May 3 (Bloomberg) -- Deutsche Lufthansa AG will scrap 3,500 administrative positions, or about 20 percent of the clerical total, as the German airline seeks to improve profitability with a 1.5 billion-euro ($2 billion) cost-reduction program.
The job cuts, 2,500 of them in Germany, will help deliver one-third of the savings Lufthansa is seeking through 2014, the Cologne-based carrier said today. A global purchasing project will also shave 200 million euros from expenses this year, and “traffic optimization” should recoup at least 10 million euros.
Europe’s second-biggest airline, which has about 117,000 employees, 16,800 in clerical posts, said yesterday its first-quarter operating loss widened to 381 million euros from 169 million euros a year earlier as economies slowed and the cost of restructuring and fuel weighed on earnings. The shortfall was bigger than the 297 million-euro figure anticipated by analysts.
“The miss came as a result of incrementally higher staff costs and lower-than-expected yield,” Bank of America analyst Mark Manduca said in a note, adding that full-year operating profit is likely to fall short of a consensus estimate of 495 million euros, which assumes more positive developments in pricing. The new consensus may be 20 percent lower, according to the analyst, who reiterated his “underperform” rating.
Lufthansa, which said it can’t rule out job cuts on the operational side, fell as much as 3.1 percent to 9.60 euros and was trading 1.9 percent lower as of 4:22 p.m. in Frankfurt.
“Higher taxes, fees and charges put a massive strain on our quarterly result,” Chief Executive Officer Christoph Franz said today. The savings program “is our own response to these additional burdens. It will safeguard Lufthansa’s position.”
Competitor International Consolidated Airlines Group SA plans to cut total pilot pay by 62 million euros at its Iberia arm to lift productivity 25 percent and match levels at sister-unit British Airways. European No. 1 Air France-KLM Group is also seeking more than 2 billion euros in annual savings.
Fuel costs are continuing to clip airline earnings after the price of Brent crude increased 8.7 percent this year to $116.74 a barrel in London.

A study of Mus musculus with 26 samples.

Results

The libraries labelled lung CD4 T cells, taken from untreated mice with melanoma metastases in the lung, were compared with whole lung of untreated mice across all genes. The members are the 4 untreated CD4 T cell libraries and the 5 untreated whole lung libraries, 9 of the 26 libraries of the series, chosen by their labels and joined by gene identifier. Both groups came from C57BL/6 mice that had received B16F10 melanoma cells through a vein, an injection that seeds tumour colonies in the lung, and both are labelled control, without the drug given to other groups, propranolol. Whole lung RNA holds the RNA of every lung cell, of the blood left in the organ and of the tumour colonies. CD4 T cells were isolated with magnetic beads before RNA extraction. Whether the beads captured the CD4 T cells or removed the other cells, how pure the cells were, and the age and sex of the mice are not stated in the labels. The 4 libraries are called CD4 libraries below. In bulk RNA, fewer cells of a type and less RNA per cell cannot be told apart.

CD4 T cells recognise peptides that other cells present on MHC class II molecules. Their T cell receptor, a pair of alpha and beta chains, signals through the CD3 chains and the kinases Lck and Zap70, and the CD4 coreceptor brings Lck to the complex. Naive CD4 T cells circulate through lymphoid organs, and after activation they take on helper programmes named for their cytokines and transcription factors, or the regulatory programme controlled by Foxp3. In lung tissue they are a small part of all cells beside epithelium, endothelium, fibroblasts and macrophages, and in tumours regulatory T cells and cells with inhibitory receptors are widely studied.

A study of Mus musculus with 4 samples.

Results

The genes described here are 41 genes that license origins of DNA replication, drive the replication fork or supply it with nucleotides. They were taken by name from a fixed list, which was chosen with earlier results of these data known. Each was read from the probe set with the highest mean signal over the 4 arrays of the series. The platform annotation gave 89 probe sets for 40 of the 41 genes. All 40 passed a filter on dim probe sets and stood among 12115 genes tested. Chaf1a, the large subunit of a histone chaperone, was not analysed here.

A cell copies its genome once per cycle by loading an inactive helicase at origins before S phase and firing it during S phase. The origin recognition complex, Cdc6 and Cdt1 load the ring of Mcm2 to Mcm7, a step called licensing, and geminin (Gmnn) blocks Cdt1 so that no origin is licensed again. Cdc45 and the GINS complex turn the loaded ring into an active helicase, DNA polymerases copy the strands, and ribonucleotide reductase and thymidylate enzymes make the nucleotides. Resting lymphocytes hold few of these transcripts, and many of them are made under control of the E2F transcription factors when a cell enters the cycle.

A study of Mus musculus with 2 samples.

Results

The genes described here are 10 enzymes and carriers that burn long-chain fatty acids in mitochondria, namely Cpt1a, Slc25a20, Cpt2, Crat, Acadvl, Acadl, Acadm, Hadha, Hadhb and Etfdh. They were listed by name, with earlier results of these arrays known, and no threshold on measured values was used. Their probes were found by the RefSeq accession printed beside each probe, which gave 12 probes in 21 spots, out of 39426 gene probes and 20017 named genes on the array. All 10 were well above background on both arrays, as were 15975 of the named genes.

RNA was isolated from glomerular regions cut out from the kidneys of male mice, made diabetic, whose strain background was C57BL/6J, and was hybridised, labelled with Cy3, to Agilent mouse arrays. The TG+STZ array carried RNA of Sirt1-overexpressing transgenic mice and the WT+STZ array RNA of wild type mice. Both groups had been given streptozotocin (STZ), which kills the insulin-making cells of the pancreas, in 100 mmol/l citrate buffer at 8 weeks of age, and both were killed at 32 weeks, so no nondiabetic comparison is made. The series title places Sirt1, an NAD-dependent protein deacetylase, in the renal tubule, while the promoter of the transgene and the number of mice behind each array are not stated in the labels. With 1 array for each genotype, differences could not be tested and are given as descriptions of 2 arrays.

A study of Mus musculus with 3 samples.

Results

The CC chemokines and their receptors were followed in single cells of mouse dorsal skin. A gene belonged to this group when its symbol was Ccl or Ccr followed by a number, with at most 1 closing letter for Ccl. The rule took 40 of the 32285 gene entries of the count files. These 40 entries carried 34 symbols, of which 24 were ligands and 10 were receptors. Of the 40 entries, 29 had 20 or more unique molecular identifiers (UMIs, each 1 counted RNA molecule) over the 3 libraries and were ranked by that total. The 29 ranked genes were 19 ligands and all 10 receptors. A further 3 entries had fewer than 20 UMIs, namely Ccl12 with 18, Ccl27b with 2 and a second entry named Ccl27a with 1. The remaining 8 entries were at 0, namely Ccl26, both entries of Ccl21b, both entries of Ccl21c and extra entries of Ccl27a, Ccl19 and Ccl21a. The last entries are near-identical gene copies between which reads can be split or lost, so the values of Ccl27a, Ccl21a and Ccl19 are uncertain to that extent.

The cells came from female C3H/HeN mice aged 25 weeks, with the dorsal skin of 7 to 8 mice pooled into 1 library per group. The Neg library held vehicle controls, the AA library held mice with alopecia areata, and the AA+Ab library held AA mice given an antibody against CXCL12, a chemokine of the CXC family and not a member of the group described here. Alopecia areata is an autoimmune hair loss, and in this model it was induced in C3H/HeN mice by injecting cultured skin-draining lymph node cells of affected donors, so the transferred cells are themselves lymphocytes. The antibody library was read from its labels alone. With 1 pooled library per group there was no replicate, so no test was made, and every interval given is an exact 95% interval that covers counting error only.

Stockholm-based SAS Group, the Nordic region’s largest carrier, said today its first-quarter net loss widened to 729 million kronor ($108 million) from 373 million kronor after analysts had predicted a 679 million-kronor deficit. The stock fell as much as 14 percent and was down 13 percent in the Swedish capital.
Lufthansa, which boosted first-quarter sales 5.6 percent to 6.6 billion euros, has begun its SCORE savings program -- from Synergies, Costs, Organization, Revenues, Execution -- after completing a package that saved 1 billion euros through 2011.
As part of the plan, the company has frozen capacity at its main brand and is consolidating administrative operations between its short-haul outfit and Germanwings, a low-cost division that narrowed its losses in the first quarter.
Short-haul routes out of Cologne will in future be operated under the Germanwings brand, while those from Dusseldorf, Hamburg and Berlin will fly in Lufthansa livery, CEO Franz said in a conference call with journalists today.
The U.K.-based BMI unit, which Lufthansa sold to IAG on April 20, had a 70 million-euro pretax loss, though it booked a 2 million-euro gain after valuation and disposal proceeds.
Austrian Airlines, which is shifting flight operations to regional arm Tyrolean Airways to tap a lower cost base, lost 67 million euros and the Swiss unit had a 6 million-euro shortfall.
Engineering division Lufthansa Technik had a 62 million-euro profit and is developing a new structure to save 30 million euros, while cargo operations generated 19 million euros.
Freight capacity will be cut 2 percent in 2012, according to Chief Financial Officer Stephan Gemkow, who exits this summer to become CEO at retail holding company Franz Haniel & Cie GmbH.
Gemkow said that a decision on expanding Lufthansa’s stake in Brussels Airlines will be made next year, and will be dependent on the Belgian unit improving its profitability.
Brussels took delivery of two leased Airbus A320s from General Electric Co.’s GE Capital Aviation Services unit, the latter said in a statement today. The carrier, which is 45 percent owned by Lufthansa, is modernising its fleet as part of its own cost improvement program, Brussels spokeswoman Wencke Lemmes-Pireaux said by telephone.